Often remembered as a honky-tonk, Dallas’ historic Longhorn Ballroom hosted legendary shows from a variety of music genres for decades, but its heyday appeared to be over. Part of an enormous complex that has been mostly dormant for several years, many expected the landmark to be torn down after it was sold in February. But an ambitious $2 million-plus, two-year project is aimed at restoring the storied music venue, which will officially reopen soon.
Built in 1950 as a performance space for “King of Western Swing” Bob Wills, and called the Ranch House, the venue was later leased to Jack Ruby, who would become inextricably linked to the Kennedy assassination story. It mainly hosted country artists such as George Jones and Charley Pride, but soul acts like Otis Redding and James Brown performed there on Sunday and Monday nights in the late ’60s and early ’70s. The Sex Pistols played an infamous show there in 1978 (singer Sid Vicious angered the crowd and was head-butted by an audience member in response).
More-varied music acts — from Fela Kuti and B-hole Surfers to Rigor Mortis — performed there before the Longhorn Ballroom fizzled out in the early 2000s.
Jay LaFrance, an electrical engineer with a background in business development, says the place had been held together “with bubblegum and Band-Aids for a long time” when he bought it. Faded and rundown, the old country facade looked awful. The color was Pepto-Bismol pink in some spots. But the bones were good and the ballroom, a 23,000-square-foot metal building, had a solid foundation.
The famous stage and dance floor looked flawless when Longhorn Ballroom hosted a charity event for its soft reopening Sept. 9. The space has a capacity of 2,550 and will be used for concerts and private events.
That Saturday evening, the original sign was relit for the first time since a storm blew it down over a decade ago. First installed in 1968, the twinkling lights are not digital, but mechanically function with the original controller, which was built in the ’30s. Another Longhorn Ballroom sign that was once on the roof will be reinstalled after it is repaired.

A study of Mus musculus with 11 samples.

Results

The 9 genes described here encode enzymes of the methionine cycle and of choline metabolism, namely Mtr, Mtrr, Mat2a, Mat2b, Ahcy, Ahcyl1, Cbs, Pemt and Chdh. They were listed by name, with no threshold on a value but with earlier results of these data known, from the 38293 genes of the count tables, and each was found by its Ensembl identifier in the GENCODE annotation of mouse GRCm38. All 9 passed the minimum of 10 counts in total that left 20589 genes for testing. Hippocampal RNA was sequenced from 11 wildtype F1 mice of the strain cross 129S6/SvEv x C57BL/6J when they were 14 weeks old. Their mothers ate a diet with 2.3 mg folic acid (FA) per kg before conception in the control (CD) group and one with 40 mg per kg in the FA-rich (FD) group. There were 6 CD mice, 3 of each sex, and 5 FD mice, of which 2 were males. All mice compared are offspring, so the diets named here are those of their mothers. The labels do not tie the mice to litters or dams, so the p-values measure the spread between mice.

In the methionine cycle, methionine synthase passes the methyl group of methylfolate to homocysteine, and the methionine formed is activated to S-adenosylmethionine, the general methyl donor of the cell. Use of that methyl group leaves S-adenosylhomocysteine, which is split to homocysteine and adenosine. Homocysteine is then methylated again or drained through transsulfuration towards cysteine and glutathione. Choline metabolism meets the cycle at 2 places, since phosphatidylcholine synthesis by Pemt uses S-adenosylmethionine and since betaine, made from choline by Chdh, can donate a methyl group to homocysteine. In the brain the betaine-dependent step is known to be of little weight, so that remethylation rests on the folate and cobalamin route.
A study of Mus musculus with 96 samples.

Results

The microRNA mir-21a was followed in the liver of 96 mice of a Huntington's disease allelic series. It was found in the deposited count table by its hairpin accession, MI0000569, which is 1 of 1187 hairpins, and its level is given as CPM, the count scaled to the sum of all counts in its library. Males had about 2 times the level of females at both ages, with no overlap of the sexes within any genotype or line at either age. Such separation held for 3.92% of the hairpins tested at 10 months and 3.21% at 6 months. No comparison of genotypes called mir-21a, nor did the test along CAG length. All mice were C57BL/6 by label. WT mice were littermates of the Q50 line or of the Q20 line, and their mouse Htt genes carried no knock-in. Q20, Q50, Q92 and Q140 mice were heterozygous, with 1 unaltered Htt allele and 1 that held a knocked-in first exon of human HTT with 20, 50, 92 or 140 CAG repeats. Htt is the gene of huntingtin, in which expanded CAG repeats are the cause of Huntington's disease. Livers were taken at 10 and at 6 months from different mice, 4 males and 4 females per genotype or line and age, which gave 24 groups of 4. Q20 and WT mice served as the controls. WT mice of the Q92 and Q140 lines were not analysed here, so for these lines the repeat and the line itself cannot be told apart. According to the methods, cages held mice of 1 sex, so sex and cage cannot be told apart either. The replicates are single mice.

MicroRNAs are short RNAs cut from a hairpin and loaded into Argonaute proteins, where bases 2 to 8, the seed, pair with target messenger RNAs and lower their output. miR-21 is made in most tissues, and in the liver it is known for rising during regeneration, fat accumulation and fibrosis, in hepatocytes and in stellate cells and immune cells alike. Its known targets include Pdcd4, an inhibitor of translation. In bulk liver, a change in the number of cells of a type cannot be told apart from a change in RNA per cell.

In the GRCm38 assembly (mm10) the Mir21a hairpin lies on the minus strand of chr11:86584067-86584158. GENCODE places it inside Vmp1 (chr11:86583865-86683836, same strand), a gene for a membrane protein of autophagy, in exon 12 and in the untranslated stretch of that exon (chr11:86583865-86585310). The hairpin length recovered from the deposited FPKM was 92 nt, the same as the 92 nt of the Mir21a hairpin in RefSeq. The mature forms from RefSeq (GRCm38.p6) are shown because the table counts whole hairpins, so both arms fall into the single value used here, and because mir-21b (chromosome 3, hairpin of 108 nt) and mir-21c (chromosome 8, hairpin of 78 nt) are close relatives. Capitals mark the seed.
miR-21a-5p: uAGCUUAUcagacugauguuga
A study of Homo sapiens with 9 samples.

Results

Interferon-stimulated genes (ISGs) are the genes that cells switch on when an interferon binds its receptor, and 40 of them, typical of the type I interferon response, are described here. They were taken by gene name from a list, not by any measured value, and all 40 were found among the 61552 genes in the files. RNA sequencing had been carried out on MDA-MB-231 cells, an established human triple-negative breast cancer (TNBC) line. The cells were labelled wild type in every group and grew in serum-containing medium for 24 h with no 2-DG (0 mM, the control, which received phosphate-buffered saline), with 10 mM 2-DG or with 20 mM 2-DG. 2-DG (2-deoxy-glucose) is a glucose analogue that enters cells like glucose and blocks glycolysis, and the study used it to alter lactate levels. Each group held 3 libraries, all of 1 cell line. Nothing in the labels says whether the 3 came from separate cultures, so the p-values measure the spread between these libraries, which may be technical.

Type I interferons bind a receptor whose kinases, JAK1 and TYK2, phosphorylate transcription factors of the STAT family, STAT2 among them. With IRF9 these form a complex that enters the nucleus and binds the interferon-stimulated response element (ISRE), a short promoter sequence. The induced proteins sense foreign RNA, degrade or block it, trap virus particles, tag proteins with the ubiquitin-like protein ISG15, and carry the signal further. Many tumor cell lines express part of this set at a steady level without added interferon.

“We’re finding all these little gems and putting them back in the ballroom so they can be showcased,” says Jay LaFrance.
Indeed, a safe used while Jack Ruby ran the place is on display inside. It hasn’t been opened in decades. And the video for Aerosmith’s 1989 single “What It Takes,” filmed at the Longhorn Ballroom, led to another discovery. LaFrance wondered what happened to the enormous antique chandeliers that appear in a few scenes of the video. They were later found in storage and reinstalled.
But the ballroom is only the first phase of what Jay LaFrance calls “an entrepreneurial playground.”
The 2.5 acres of land behind the building are along the waterfront of the Trinity River. Near the Santa Fe Trail, this enormous outdoor venue will be a container park. Made with repurposed shipping containers, the outdoor area is ready to host concerts, festivals and other events, and can easily be reconfigured into a variety of structures — an extra stage, a place to sell merchandise, a viewing platform or a spot for food vendors. .
Across the parking lot from the ballroom, a 20,000-square-foot building made for retail spaces — it’s often mistaken for a hotel because the second-floor units have a catwalk — has been used as storage for years. The ground-level units will be retail and commercial spaces, but the larger focus upstairs is on art studios and galleries. There are even hopes of restoring an old recording studio that has been rotting away on the second floor.
“Locally, there are many creatives having difficulty finding studio space,” says Jayson LaFrance. “And when they find a space it gets repurposed and the rent goes up. We want artists of all types to be able to have long-term work spaces.” He says the idea is to create a thriving community of musicians and visual artists.
For years, the front of the building operated as Raul’s, a Mexican restaurant named after previous owner Raul Ramirez. Jay LaFrance says they will eventually figure out a restaurant concept, perhaps a diner, and remodel the space. Amber LaFrance says a bar inside the building also will include a much smaller venue for intimate shows.
“We have to connect the generations,” says Amber LaFrance. “We want to celebrate the history and also give younger artists opportunities to perform.”
A Halloween-themed food and beverage festival Oct. 27, The Foodie Experience, is currently the first public event scheduled at Longhorn Ballroom. But with event planners booking now, that could easily change.
Both venues will have several concerts scheduled for early next year, but Jay LaFrance insists that these are not just event space rentals. He says they will partner with local promoters and other venues for concert series and curated events.
“The origin of this is country and it has that country flair to it,” Jay LaFrance says. But he wants the programming to mirror Longhorn’s diverse music history.